Building collapse in New Delhi kills 61

Updated: 2010-11-16 10:45



A rescue worker carries an injured girl at the site of a building collapse in New Delhi November 16, 2010. A residential building collapsed in Lalita Park in New Delhi's Laxmi Nagar area on Monday evening. [Photo/Agencies]

NEW DELHI- Rescuers raced Tuesday to pull survivors from the debris of a four-story apartment building that collapsed into a mountain of concrete slabs in a poor neighborhood of New Delhi, killing at least 61 people and injuring scores of others.

The 15-year-old building housing about 200 people _ mostly migrant workers and their families _ collapsed Monday evening in New Delhi's congested Lalita Park area, and emergency efforts initially were hampered because vehicles had difficulty navigating the neighborhood's narrow alleyways.

About 30 people were believed still trapped under the rubble, said New Delhi's top elected official, Sheila Dikshit.

The death toll reached 61 as police and rescuers pulled bodies from the site and 78 people were injured, city police official Mohammed Akhlaq said.

An adjacent building, also in danger of collapse, was evacuated, Akhlaq said.

The cause of the collapse was not immediately clear, but one official said the building may have been weakened by water damage following monsoon rains. Police said they were looking for the building's owner.

Local residents who were first to arrive at the accident site used bare hands to dig into the piles of concrete, bricks and mortar, until they were joined by police and firefighters, who used gas cutters to cut through the iron rods jutting from the wreckage. Police brought in sniffer dogs to locate people trapped under the debris.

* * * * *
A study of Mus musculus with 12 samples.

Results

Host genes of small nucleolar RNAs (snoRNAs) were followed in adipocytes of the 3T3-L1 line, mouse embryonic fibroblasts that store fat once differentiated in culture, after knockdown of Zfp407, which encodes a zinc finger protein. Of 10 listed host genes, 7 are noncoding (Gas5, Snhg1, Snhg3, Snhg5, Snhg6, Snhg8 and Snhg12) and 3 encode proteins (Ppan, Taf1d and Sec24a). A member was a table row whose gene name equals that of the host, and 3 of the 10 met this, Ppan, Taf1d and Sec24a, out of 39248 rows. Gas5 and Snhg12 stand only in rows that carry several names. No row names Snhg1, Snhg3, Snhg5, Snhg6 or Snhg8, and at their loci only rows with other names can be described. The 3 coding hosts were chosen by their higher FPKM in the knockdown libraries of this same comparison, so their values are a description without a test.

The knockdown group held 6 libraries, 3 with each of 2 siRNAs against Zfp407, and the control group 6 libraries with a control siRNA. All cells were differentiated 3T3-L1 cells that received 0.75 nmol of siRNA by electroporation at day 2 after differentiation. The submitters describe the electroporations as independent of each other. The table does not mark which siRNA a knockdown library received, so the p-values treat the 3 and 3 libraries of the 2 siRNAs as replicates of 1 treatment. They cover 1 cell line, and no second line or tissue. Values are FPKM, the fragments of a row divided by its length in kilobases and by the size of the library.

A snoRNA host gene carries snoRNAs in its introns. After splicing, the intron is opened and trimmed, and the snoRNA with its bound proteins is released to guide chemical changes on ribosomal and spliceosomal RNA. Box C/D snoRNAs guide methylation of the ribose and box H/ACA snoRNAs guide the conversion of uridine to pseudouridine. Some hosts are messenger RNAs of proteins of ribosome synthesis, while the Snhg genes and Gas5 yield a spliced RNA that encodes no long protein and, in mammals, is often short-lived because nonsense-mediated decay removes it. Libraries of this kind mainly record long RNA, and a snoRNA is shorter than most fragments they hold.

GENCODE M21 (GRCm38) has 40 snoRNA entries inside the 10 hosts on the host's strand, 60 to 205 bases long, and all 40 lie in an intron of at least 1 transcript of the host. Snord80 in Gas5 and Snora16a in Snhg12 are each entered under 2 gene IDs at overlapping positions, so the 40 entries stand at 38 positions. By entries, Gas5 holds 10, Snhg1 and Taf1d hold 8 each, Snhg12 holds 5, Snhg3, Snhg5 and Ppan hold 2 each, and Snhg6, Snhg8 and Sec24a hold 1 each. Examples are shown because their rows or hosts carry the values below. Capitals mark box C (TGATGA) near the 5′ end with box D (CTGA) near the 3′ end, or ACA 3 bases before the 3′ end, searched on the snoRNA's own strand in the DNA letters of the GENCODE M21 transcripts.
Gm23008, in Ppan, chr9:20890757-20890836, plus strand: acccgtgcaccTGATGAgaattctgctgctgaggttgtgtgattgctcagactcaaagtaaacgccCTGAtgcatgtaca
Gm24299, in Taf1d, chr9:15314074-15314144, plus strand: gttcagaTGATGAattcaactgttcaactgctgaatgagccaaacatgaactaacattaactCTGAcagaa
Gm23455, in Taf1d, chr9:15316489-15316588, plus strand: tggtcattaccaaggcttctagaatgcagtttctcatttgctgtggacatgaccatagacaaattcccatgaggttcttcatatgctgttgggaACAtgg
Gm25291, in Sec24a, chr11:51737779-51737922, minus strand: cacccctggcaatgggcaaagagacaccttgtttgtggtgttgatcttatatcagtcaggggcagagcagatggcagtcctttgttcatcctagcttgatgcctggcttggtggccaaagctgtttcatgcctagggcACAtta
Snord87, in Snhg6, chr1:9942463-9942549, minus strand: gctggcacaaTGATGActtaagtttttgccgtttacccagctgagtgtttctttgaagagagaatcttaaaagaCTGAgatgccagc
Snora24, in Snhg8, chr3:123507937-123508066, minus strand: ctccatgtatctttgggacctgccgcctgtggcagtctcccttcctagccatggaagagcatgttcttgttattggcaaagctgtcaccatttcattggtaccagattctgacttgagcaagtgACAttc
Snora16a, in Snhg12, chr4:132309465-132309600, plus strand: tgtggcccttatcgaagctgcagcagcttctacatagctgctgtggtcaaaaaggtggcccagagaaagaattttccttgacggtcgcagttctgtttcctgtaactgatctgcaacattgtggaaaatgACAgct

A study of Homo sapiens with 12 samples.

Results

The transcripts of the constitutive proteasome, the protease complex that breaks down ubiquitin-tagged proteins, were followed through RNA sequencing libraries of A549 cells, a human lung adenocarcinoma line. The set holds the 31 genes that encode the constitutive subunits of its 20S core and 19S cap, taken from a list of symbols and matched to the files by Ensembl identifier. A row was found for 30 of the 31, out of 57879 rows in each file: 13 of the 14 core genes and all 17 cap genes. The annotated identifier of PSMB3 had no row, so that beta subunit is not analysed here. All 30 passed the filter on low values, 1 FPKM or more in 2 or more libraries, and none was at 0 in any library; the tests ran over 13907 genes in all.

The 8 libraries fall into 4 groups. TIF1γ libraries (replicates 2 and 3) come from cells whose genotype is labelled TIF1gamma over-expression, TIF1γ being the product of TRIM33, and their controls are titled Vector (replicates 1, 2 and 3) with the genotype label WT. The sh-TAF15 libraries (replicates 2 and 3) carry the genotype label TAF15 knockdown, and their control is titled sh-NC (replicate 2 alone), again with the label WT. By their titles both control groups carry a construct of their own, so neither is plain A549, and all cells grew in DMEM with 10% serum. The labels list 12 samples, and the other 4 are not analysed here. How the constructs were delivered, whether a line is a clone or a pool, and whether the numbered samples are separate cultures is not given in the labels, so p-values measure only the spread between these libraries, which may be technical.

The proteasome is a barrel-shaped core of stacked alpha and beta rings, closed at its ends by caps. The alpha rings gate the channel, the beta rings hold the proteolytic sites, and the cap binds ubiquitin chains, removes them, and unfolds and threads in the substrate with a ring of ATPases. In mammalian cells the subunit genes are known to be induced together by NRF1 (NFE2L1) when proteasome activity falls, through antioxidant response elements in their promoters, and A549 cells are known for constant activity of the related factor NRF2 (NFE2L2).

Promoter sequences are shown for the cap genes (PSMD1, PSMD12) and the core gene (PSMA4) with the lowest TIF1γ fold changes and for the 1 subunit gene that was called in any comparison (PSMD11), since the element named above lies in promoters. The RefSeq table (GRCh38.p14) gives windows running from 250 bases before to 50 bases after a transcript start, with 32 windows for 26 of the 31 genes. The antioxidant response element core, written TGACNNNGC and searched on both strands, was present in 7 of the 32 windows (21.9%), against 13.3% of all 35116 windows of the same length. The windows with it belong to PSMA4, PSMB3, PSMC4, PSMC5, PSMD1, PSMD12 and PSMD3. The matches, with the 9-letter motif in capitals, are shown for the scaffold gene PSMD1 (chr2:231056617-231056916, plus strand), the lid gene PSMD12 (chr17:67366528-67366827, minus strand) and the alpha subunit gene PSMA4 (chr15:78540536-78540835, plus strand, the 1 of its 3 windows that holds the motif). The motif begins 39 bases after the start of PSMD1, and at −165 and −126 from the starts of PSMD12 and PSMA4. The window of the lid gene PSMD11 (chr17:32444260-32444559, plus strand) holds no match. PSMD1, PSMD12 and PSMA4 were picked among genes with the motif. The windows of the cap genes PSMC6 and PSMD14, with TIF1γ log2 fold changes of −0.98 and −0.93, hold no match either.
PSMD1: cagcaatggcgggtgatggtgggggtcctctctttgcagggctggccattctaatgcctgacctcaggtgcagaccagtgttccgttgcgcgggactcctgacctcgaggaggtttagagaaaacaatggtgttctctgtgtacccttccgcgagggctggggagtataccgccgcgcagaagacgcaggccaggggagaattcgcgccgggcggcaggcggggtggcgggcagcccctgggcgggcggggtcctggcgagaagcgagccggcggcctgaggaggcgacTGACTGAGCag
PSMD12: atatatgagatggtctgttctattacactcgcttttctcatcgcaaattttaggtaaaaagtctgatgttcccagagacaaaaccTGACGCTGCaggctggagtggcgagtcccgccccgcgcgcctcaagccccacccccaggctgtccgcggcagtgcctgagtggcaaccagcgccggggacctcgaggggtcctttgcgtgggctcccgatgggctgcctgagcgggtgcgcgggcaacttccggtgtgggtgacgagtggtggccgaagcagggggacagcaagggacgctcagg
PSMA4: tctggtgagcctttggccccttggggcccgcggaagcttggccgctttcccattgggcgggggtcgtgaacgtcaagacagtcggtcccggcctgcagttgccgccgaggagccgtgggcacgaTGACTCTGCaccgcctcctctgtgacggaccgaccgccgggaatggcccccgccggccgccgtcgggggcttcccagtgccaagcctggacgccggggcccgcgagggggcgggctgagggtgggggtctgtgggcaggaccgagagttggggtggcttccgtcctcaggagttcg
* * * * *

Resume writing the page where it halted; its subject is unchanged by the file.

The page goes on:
Residents helped carry the injured to vehicles and to transport them to nearby hospitals, as hundreds of people crowded around or peered down from rooftops of nearby buildings.

Dikshit said there would be an inquiry into the cause of the collapse.

"The scale of the tragedy is unprecedented. I don't think such a tragedy has taken place in Delhi in the recent past," Dikshit said.

New Delhi's finance minister, A.K. Walia, told Press Trust of India that this year's unusually heavy monsoon rains could have weakened the building's foundation. He said floodwaters of the Yamuna River had inundated the area two months ago.

Residents said rainwater had accumulated in the basement of the building, but it was not immediately clear if it had been pumped out.

Police said they were searching for the owner of the building, identified as Amrit Singh, a building material trader.

Poor construction material and inadequate foundations often are blamed for building collapses in India. In New Delhi, where land is at a premium, unscrupulous builders often break building laws to add additional floors to existing structures.